Eric Courtney Harris was shot and killed in 2015 by a volunteer deputy sheriff
Jury selection begins in the trial of the deputy, Robert Bates
Bates' defense: He was reaching for Taser, pulled service revolver and fired by mistake
Robert Bates, a former insurance businessman turned volunteer deputy, goes on trial Monday in a fatal shooting involving an officer and an unarmed black man, and Bates doesn’t deny pulling the trigger of his service revolver to put a single deadly shot into Eric Courtney Harris’ back.
But what jurors – who will be selected through proceedings that began Monday in a modest Tulsa, Oklahoma, courtroom – will likely hear is that in a heartbeat, a human mistake became a human tragedy.
Bates fired his weapon as he assisted officers of the Tulsa County Sheriff’s Office in subduing Harris, the subject of an undercover sting operation who was attempting to flee that dreary Oklahoma Thursday in April last year.
Bates was “attempting to use less lethal force, believing he was utilizing a Taser, when he inadvertently discharged his service weapon, firing one round which struck Harris,” according to statements from the Sheriff’s Office shortly after the shooting.
The death of Harris is one of several nationally known cases in which the killing of an unarmed black man by law enforcement has galvanized people over tactics that police are trained to use.
Bates is facing a second-degree manslaughter charge. Bates has pleaded not guilty, but if convicted, he could be sentenced to up to four years prison.
With opening statements expected Wednesday, prosecutors will have to prove to the jury that Bates’ actions amounted to “culpable negligence,” according to Bates’ defense attorney, Clark Brewster.
After months of pretrial motions and a change of judges, Brewster is confident that the defense will fend off that prosecution attempt.
“I expect an interesting trial, and I am confident in how this case will be tried,” Brewster told CNN in a telephone interview.
Tulsa District Attorney Stephen A. Kunzweiler’s office declined to comment before the trial starts.
In previous interviews with CNN, Brewster contended his client “owned it, stepped up and was totally transparent” about his actions the day he shot Harris, and Brewster maintains that his client shouldn’t go to jail for an accident.
Harris’ family in a statement Monday said that while they continue to grieve for Harris, “at the same time, we pray for justice.”
On April 2, 2015, Bates was parked several blocks away from the site where an undercover deputy was conducting a sting operation that was set up, according to Tulsa authorities, to catch Harris in the act of illegally selling a gun.
Bates said in an interview on NBC’s “Today Show” he had participated in “several hundred” such operations but always in a backup role where he would “clean up” after deputies made an arrest, taking photos and notes.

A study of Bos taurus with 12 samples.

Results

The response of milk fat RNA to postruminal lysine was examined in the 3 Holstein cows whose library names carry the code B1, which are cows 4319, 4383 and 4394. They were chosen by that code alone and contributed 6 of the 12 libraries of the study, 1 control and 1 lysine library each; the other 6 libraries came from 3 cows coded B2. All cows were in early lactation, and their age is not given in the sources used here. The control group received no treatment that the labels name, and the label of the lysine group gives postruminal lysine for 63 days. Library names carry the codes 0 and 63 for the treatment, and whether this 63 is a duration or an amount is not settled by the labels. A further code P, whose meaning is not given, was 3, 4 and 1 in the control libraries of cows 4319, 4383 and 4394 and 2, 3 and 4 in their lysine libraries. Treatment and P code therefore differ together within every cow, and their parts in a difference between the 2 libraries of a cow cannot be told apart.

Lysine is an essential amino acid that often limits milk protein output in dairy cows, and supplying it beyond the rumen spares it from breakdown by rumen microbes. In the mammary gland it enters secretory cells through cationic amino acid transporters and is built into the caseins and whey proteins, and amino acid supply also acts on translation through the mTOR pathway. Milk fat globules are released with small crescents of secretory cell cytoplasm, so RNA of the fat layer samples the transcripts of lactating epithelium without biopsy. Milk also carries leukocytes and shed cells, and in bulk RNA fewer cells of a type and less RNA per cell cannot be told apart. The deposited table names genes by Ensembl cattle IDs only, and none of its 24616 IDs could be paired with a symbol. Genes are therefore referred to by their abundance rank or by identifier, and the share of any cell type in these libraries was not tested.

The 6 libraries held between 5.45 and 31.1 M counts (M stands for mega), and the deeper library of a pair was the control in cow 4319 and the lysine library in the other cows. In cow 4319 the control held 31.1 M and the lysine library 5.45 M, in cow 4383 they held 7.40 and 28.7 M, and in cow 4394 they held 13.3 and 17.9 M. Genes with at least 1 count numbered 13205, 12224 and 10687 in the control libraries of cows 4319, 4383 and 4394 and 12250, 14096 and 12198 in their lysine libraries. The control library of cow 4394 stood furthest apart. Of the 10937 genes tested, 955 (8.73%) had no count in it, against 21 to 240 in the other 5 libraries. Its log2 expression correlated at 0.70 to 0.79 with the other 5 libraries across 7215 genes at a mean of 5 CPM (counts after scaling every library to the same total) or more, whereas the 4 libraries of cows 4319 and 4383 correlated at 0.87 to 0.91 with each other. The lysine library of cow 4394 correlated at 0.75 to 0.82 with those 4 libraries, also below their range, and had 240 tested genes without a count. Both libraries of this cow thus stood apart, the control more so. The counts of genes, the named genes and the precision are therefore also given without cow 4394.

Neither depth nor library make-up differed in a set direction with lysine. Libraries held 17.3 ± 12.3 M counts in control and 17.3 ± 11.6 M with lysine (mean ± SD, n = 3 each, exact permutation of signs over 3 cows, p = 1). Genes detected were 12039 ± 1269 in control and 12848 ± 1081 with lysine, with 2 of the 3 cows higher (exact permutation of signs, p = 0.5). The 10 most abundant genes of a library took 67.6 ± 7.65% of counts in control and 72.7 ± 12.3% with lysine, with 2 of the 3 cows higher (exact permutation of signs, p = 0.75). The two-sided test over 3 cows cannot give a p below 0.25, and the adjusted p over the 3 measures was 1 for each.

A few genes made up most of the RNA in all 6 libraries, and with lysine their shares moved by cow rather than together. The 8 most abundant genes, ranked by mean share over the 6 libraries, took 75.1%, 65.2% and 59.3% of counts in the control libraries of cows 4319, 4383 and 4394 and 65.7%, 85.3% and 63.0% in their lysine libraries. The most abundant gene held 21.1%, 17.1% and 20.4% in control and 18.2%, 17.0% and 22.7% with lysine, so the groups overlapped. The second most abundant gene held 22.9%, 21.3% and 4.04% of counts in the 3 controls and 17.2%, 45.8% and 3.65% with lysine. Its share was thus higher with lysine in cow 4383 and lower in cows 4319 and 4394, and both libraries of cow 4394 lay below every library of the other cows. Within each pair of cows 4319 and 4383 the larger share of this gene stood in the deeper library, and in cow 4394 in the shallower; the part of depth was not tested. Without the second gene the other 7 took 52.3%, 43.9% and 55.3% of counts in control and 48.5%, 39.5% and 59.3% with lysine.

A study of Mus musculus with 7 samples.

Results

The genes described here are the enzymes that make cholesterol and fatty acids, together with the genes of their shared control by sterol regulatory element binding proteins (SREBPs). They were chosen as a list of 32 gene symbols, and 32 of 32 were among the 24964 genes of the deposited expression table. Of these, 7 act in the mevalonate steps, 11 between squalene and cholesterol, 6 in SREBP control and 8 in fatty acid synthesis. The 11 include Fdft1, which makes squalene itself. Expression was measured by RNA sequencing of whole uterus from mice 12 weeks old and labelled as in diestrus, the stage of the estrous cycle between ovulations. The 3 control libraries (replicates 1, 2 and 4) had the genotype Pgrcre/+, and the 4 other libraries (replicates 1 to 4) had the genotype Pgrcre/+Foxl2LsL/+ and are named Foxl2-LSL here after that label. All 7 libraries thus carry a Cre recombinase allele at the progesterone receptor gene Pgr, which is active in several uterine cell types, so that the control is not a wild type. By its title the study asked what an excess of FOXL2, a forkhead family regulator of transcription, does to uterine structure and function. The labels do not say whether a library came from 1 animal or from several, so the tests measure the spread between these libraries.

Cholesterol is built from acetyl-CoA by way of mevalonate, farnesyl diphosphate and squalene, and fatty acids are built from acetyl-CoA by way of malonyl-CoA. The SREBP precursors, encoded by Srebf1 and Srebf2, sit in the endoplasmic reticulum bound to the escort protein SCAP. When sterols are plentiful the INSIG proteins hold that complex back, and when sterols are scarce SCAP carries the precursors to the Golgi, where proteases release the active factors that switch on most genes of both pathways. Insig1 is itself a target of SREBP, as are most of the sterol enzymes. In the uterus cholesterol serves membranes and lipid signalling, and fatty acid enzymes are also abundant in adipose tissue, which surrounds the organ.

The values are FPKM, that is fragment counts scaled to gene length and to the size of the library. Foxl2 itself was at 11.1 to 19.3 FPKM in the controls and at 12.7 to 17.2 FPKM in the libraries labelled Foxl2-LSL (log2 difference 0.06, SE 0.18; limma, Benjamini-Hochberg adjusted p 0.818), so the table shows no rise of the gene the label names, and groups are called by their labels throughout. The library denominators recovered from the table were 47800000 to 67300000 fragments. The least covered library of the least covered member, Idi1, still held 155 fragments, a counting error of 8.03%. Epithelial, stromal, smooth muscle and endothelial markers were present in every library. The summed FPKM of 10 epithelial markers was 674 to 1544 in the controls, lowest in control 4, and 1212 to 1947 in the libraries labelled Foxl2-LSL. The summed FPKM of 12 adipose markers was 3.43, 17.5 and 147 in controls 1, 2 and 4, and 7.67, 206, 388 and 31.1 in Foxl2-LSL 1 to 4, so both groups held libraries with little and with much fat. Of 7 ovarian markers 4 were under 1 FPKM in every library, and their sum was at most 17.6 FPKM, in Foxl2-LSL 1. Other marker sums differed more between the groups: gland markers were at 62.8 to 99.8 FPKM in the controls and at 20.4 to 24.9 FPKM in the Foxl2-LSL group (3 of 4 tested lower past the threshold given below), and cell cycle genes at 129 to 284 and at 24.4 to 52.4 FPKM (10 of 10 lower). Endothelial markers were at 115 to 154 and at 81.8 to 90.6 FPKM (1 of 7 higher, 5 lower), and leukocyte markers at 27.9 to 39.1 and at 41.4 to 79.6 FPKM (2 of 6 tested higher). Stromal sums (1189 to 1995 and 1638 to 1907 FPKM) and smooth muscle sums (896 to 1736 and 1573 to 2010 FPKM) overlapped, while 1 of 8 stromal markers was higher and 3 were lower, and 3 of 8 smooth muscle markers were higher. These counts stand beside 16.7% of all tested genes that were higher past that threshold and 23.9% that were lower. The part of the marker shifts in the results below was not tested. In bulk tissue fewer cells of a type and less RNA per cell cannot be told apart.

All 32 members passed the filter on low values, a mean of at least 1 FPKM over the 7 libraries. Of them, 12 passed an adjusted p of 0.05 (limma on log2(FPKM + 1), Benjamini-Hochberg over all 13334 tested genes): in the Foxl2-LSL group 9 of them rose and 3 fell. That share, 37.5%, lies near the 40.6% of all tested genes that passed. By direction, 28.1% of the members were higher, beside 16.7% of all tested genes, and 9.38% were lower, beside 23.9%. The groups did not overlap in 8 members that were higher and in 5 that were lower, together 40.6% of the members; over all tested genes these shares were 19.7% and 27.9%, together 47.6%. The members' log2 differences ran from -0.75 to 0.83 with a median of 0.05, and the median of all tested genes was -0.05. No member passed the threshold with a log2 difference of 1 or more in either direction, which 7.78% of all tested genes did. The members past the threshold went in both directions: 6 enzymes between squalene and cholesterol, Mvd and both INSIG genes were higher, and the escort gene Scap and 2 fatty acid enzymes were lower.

But, according to official accounts, as deputies rolled up to arrest Harris after the alleged sale, Harris bolted from the vehicle and ran toward Bates’ position where the two – along with other officers – tussled until Bates’ fired his gun.
Brewster said he has a bevy of experts including Yale professor and forensic psychiatrist Charles Morgan who will testify to the effects of the stress Bates’ was under as he made the mistake of drawing his gun and not his Taser that day. The defense also plans to call a cardiologist to the stand to testify about what the defense contends was the poor condition of Harris’ heart at the time he was shot.
But having an expert testify to a purported medical condition “is irrelevant unless one of those experts can say that being shot in the back did not contribute to his death,” said Harris’ family attorney Dan Smolen, who has filed a civil rights lawsuit on behalf of Harris’ estate.
Members of the Harris family plan to be in court for jury selection and for the duration of the trial, said Smolen.
The NAACP and local lawmakers such as state Rep. Mike Shelton of Oklahoma County led the call to put pressure on Oklahoma’s top legal brass to bring charges in the case.
What Bates is accused of is an example of power unchecked, said Shelton. “He [Bates] wanted to play cops and robbers and that’s what he did,” Shelton said.
Shelton is alluding to the fact that Bates, a volunteer reserve deputy, is a close friend to former Sheriff Stanley Glanz. After serving for almost 30 years as Tusa’s sheriff, Glanz resigned in September when a grand jury indicted him on a pair of misdemeanor charges, one of them accusing him of withholding details related to Bates who fatally shot Harris.
Bates apologized to Harris’ family, whose members have rejected allegations he was violent and on drugs despite a postmortem toxicology screen that showed Harris had methamphetamine, cocaine, opiates and other drugs in his system.
“I think the community pressure worked … Before that pressure they had no plans to indict [Bates],” said Shelton, who has been in the Oklahoma legislature for 12 years.
“In this situation, the people are satisfied that the process is working, but there is still a concern with the justice system and the disturbing pattern of how Stanley Glanz ran his department.”